Any time a developer decides to charge a fee to let players access their game's online offerings, they're electing to enter into one of the most competitive fields in the video game industry. Subscription fees are a limited resource among consumers, much more so than basic retail expenses. In order to pull down a significant portion of this resource, their games have to evolve in new and interesting ways.
APB is full of little, awesome things that aren't present in any other offering in the industry -- online or otherwise. Many of these are small features which only serve to add more social functionality to the core game. However, the relationship between the Criminal and Enforcer factions which the online multiplayer is built around is one of the most clever innovations visited on the online action genre in quite some time.
A Realtime Worlds representative broke down this relationship in the simplest way I've heard so far: Criminals wreak havoc on the city, while Enforcers wreak havoc on the Criminals. While the bad guys drive around the city, either completing missions or going on crime sprees of their own design, the good guys are tasked with witnessing their illicit activities, and putting them down before they accomplish their goals.
This system puts a heavy preponderance on people playing along, which caused us some hesitation when we first learned of it. Fortunately, Realtime has set a number of systems in place which helps move the action along. Players can be automatically matched into four-player groups who can communicate over built-in voice chat. The HUD is frequently updated with notifications when a Criminal player reaches a level of notoriety that makes them an open target for other players, or when a group of Criminals set off a titular APB alert, which lets the other faction track them down and attempt to impede their progress.
Griefing isn't as big an issue as you might imagine under this format. Players can't just murder other players without following the aforementioned rules. The game walks a balance of ensuring you're not constantly being killed around every turn, while still giving ample opportunities to enter combat encounters.
I played as a Criminal during my demo, which saw me performing a number of relatively petty crimes, like breaking into cars, or smashing up storefronts. In one mission, I managed to keep things under the radar, and completed the whole thing without running into any lawmen. In another, I absent-mindedly stole a van in front of a wary Enforcer, who immediately tagged me and began to give chase. Maybe with enough in-game experience, I'd learn how to avoid getting busted -- but the first time it happened, it really put a startling corkscrew into my otherwise straightforward mission.
In one mission, me and my four-player posse managed to rack up enough attention that we were on the receiving end of an APB. Almost instantly, another team of Enforcers (who obviously had earned a ton of improved gear during the beta) set out to prevent us from completing our goal. We pulled it out by the skin of our teeth, and entered into the mission's last phase: A basic deathmatch, where we had to kill the Enforcers 10 times before they did the same to us.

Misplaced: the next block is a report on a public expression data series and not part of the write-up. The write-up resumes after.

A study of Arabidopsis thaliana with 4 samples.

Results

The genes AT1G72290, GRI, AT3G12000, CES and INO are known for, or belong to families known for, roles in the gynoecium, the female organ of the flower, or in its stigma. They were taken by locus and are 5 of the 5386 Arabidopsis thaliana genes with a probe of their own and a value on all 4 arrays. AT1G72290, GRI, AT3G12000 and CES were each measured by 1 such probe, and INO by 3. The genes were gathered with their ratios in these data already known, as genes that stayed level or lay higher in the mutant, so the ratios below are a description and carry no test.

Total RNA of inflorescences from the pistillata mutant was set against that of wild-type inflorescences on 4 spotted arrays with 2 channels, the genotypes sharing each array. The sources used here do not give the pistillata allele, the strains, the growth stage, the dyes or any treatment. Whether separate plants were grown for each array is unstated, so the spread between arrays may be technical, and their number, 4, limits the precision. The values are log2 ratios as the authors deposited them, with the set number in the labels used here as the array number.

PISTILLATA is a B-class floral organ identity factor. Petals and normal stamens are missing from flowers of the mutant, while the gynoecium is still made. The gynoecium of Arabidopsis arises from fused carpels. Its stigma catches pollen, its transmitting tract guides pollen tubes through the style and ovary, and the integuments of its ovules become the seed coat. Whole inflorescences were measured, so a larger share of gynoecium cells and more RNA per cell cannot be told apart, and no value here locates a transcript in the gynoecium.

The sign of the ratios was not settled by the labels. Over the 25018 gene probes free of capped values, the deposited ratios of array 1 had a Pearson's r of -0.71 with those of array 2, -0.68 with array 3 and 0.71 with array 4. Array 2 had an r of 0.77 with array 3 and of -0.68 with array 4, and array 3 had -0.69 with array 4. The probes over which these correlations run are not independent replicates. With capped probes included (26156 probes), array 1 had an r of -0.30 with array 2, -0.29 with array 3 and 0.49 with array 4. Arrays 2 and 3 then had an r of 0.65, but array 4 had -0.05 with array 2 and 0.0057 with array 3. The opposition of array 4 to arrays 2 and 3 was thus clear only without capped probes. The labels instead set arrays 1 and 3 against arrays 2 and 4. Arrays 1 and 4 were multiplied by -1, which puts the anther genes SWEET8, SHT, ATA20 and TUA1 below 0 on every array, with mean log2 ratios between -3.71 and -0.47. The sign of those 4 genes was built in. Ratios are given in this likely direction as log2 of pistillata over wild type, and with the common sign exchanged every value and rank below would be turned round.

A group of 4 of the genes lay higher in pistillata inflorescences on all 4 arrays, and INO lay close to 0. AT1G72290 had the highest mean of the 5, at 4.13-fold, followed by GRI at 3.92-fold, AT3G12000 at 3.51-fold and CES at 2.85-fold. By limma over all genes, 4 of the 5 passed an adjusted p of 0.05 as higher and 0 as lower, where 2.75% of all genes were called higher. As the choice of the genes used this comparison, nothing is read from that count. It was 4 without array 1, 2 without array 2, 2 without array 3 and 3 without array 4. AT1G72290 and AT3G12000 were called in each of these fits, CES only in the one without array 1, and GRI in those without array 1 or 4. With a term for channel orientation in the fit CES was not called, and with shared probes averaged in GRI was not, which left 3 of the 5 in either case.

More Criminals and Enforcers began to pour into the warzone to lend their hand in the fray. Thanks to our superior strategic skills, and the fact that I had the actual developers of the game on my team, I managed to emerge victorious. Despite the certainty of our victory, this impromptu shootout was awfully intense -- but most importantly, it came together quickly, and without disrupting the overall flow of my play session.
Though Realtime shies away from categorizing APB as an MMO, presumably because that's too many acronyms for any one person to possibly keep straight in their minds, there's plenty of ways you can modify your persistent persona. Players earn respect from their mission distributors, which they can use to increase their rank and acquire new weapons. There's also the art editor, which lets you create your own custom clothing, spray tags and vehicular paint jobs.
However, my heart was stolen by the in-game music editor, which lets you create your own tunes using a basic MIDI sequencer which you can blare while driving through the city in your designated automobile (or, you know, your stolen automobile). I also got to witness the creation of a "death song," a five-second clip you subject your enemies to every time you kill them.
All of these artistic and musical assets can be exchanged between players, either at no cost or for "Realtime Points," a currency players purchase with real-world money, and can spend to earn additional hours of playtime under the game's unique subscription model. You can advertise your creations in the game's social hub, sell them to other players, and use the Realtime Points you earn to pay for your own subscription to the game.
Or, you could just create a really annoying death song, a really obnoxious outfit and a really ridiculous car, and distribute them among all the members of your clan. Imagine: An army of criminals dressed like babies, who drive around in Sedans covered in Hello Kitty emblems, who force you to listen to five seconds from the Seinfeld theme song every time they kill you. The possibilities here are endless, guys.